Steve Jobs's replacement at Apple takes centre stage tonight to unveil the company's latest iPad. He will face not only the legacy of the late Jobs, but also a far more competitive tablet market.
Apple's iPad3 launches Cook into spotlight
It used to be all about Steve Jobs when Apple launched a revolutionary new device.
But since the death of the driving force behind the most valuable company in the world, the spotlight has shifted to its latest chief executive, Tim Cook.
Tonight, Mr Cook is likely to face his biggest public test to date when he is expected to unveil the third version of Apple's hugely successful tablet, the iPad 3, in California.
Yes, there will be shades of Jobs, an Apple co-founder. Like his mentor, Mr Cook prefers to wear a black shirt and jeans, and he does not seem afraid to take centre stage. But standing out from the crowd will not be easy these days.
"I think it's a pretty big responsibility for Tim," says Omar Kassim, the founder of the Dubai-based e-commerce site JadoPado.com. "Steve had that charisma, which we've not quite seen from Tim Cook yet."
When the first iPad debuted nearly two years ago, it cracked open a whole new segment in the electronics industry and took control of nearly 90 per cent of the tablet market.
Last year, Apple shipped more than 40 million iPads and is fuelling a global market that is projected to grow to US$49 billion (Dh179.98bn) in value by 2015, according to Strategy Analytics, a research and consulting firm.
But the tablet sector is rapidly evolving.
Since the iPad arrived on the scene, major companies including Samsung, Sony and Amazon.com have pushed into the market with their own innovative tablet products.
Globally, Apple's grip on the media tablet market has slipped as more alternatives have come out. Apple's market share has dropped from 87 per cent in 2010 to 57 per cent during the final quarter of last year, according to IHS iSuppli, a market research firm.
During the Dubai Shopping Festival this year, tablets proved to be the most popular electronic product at the local retailer Jumbo Electronics, which credited the launch of Sony's Tablet S - priced between Dh1,895 and Dh2,295 - for the strong surge in sales.
Jacky's Electronics, another retailer in the Emirates, has also noted strong sales of tablets during the shopping festival and also singled out the Tablet S as well as Samsung's Galaxy Note, priced from Dh2,999 to Dh3,349.
"At the end, there's no one device that solves everybody's needs," says Samir Al Schamma, the general manager for Intel in the Middle East and North Africa (Mena).
Different manufacturers now ship about 1 million tablets each week, Mr Al Schamma points out, and production of tablets using Intel's technology is increasing for the second half of the year.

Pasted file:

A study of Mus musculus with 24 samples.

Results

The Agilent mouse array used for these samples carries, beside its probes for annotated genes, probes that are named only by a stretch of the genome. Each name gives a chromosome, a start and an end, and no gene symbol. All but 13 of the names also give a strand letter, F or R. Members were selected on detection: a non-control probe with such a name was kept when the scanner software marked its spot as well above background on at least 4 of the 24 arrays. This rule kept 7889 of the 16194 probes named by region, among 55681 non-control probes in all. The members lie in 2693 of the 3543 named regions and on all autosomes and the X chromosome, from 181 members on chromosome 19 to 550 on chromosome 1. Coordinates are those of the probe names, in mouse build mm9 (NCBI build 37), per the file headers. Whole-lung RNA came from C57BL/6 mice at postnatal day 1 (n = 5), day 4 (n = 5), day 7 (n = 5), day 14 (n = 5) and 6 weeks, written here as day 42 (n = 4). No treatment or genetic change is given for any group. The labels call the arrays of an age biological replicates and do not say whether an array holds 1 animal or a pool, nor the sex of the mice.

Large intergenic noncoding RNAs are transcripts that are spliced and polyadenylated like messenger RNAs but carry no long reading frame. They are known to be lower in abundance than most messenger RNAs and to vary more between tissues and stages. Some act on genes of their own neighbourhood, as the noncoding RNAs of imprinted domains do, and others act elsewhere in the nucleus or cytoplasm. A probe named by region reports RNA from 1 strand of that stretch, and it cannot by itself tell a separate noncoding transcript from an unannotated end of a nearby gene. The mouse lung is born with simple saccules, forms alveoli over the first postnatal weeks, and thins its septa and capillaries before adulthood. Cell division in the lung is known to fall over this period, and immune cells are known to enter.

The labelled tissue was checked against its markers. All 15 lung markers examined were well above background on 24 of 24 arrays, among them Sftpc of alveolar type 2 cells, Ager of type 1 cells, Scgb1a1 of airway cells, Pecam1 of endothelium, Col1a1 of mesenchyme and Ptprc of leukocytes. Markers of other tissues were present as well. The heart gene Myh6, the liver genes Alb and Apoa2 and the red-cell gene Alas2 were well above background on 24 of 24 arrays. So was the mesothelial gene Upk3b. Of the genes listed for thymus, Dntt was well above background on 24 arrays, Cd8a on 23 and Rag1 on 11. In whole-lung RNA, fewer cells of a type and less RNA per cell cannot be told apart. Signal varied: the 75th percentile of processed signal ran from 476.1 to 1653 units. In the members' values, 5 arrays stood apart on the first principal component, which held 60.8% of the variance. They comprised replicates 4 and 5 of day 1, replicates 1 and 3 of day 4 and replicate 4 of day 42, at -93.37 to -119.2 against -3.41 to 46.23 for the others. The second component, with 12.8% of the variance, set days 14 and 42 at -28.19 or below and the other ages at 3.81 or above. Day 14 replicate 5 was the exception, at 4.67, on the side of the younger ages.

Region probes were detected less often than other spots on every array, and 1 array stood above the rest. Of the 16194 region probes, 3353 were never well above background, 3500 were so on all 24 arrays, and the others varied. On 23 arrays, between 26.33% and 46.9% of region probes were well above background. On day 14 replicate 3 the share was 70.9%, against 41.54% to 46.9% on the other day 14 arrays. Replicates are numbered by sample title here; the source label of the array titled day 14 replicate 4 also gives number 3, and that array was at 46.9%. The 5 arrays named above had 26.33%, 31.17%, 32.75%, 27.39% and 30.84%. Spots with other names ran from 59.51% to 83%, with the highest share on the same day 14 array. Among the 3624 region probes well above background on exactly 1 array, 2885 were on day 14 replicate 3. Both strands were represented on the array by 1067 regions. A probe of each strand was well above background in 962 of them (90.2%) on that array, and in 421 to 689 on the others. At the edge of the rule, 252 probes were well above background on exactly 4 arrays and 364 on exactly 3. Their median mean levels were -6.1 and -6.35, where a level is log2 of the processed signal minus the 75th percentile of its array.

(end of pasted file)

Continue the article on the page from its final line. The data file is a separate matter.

"With iPad 3 being launched shortly, it won't affect us that much," he says.
As more major brands roll out tablets, they are also encouraging the creation of a larger pool of apps that can access games, songs and other content.
"Apps development is likely to get a boost in Mena, as smartphones and tablets are getting increasingly popular [here]," says Joanna Truffaut, who founded Ibtikarati.com to support entrepreneurs and start-up investors.
"This is an opportunity for tablet providers to differentiate themselves by selling tablets with not only international blockbuster pre-installed apps but also with local or regional pre-installed apps," she adds.
While fostering the development of apps is one focus, manufacturers are also busy "converging" tablet sizes, Mr Al Schamma says. That means some ultralight laptops now feature a tablet-like screen that can snap off and be used without a keyboard.
At the same time, some smartphone screens are growing in size and bordering more on the usual dimensions of a tablet.
Last week in Barcelona, during the Mobile World Congress exhibition, the Asus Padfone was displayed as a 4.3-inch device that could slip into an optional accessory to become a 10.1-inch tablet.
Samsung also showcased a new 10.1-inch version of its Galaxy Note smartphone - nearly double the size of the original. Samsung is playing up the blurring between lines and says on its website promoting the smaller Note: "Phone? Tablet? It's a Galaxy Note!"
Ashraf Fawakherji, the head of the telecommunications group at Samsung Gulf Electronics, believes that more businesses as well as schools are finding a use for tablets, which is helping to drive up sales.
Last month, Lenovo launched its ThinkPad tablet, priced at $799, in the Emirates aimed at professionals and enterprises that want a mobile model with a focus on security.
The company has included apps for entertainment, accessing music and books as well as programmes for pulling up work documents and Excel sheets.
"Mobility is an extremely important aspect for business users," said Jack Lee, the general manager for Lenovo Middle East and Africa, when the device was released in the UAE.
But not everyone is having success in this market.
Research In Motion, which produces the BlackBerry, has famously flopped in trying to compete against the iPad with dismal sales of its PlayBook tablet.
Other major manufacturers are sticking to smartphones - for now.
"We have nothing to add to our previous statements that Nokia is looking at tablet strategies, but we would need to be sure we could offer meaningful differentiation and not simply be the 202nd tablet manufacturer," says Tom Farrell, the vice president of Nokia Middle East.
Against this backdrop comes Apple's iPad 3. For Mr Cook, the challenges in staying ahead of the pack are just beginning.